Just getting the chemical weapons to a Syrian port while the country is in the middle of a civil war will be a high-risk operation.

Sigrid Kaag, the Dutch diplomat running the joint United Nations-OPCW mission in Syria, told the meeting in The Hague her team is “conducting its business in an active war zone, in an extreme security situation with serious implications for the safety” of all personnel.

Syria’s conflict — now in its third year — has killed more than 120,000 people, according to activists, and displaced millions. It started as an uprising against Assad’s rule but later turned into a civil war. The fighting has pitted Assad’s government forces against a disunited array of rebel factions, including al-Qaida-linked extremists.

The Britain-based Syrian Observatory for Human Rights, which relies on a network of activists on the ground, said Friday that a government airstrike the previous night in northern Syria killed a senior rebel figure and wounded two commanders and the spokesman of the Tawhid Brigade, the main rebel outfit in Aleppo province.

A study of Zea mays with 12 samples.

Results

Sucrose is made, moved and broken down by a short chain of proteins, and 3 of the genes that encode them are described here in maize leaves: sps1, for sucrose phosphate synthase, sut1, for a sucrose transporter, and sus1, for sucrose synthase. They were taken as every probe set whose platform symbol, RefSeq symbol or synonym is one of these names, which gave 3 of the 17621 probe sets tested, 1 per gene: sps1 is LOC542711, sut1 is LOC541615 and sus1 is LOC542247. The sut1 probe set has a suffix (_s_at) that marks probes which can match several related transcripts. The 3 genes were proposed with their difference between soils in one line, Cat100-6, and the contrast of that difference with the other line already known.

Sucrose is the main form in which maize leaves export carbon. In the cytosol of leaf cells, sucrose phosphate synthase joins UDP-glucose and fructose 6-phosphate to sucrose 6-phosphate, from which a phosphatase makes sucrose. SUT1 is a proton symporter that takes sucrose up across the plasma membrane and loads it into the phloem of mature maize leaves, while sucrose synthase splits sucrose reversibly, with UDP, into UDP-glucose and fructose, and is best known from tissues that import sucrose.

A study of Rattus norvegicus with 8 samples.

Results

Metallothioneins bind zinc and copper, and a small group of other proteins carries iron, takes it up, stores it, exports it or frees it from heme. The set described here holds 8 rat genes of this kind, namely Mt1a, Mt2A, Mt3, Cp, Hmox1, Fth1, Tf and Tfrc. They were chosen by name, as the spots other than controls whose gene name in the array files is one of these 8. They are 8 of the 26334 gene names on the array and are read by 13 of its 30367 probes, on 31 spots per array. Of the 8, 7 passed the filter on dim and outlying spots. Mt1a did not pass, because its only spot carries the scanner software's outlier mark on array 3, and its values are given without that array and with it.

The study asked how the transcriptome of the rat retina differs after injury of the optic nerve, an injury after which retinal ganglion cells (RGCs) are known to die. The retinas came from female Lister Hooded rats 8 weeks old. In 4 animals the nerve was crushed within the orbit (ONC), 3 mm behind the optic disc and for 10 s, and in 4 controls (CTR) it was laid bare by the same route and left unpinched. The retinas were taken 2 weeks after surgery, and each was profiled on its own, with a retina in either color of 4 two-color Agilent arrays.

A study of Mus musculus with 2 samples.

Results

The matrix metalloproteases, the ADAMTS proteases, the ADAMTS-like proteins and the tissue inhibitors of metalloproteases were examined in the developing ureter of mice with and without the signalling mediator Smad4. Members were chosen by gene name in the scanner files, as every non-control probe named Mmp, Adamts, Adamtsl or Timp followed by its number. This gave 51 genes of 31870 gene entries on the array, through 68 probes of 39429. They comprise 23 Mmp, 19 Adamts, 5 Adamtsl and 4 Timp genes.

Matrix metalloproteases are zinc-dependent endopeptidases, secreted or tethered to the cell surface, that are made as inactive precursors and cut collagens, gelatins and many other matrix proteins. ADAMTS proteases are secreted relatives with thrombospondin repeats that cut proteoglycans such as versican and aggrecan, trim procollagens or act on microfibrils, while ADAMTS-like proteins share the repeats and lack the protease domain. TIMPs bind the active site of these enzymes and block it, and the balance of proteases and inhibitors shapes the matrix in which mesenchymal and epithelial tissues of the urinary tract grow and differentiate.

According to the Observatory, the chief commander of the brigade, Abdul-Qadir Saleh, was wounded while the brigade’s financial officer, Abu Tayeb, was killed.

Government troops have advanced in Aleppo over the past weeks, capturing strategic parts of the province, including the town of Safira, which secured a supply flow to government-held areas in the north.

Also Friday, Syria’s state-run news agency SANA said troops now have full control of the central towns Hawarin and Mahin, where last week rebels captured small parts of a sprawling army complex. The area is known for its arms depot.

SANA said dozens of rebels have been killed in days of fighting and troops “destroyed a number of hideouts and big quantities of weapons.”

The Observatory reported heavy fighting in Mahin and Hawarin.

Associated Press writers Bassem Mroue in Beirut and Nebi Qena in Tirana, Albania, contributed to this report.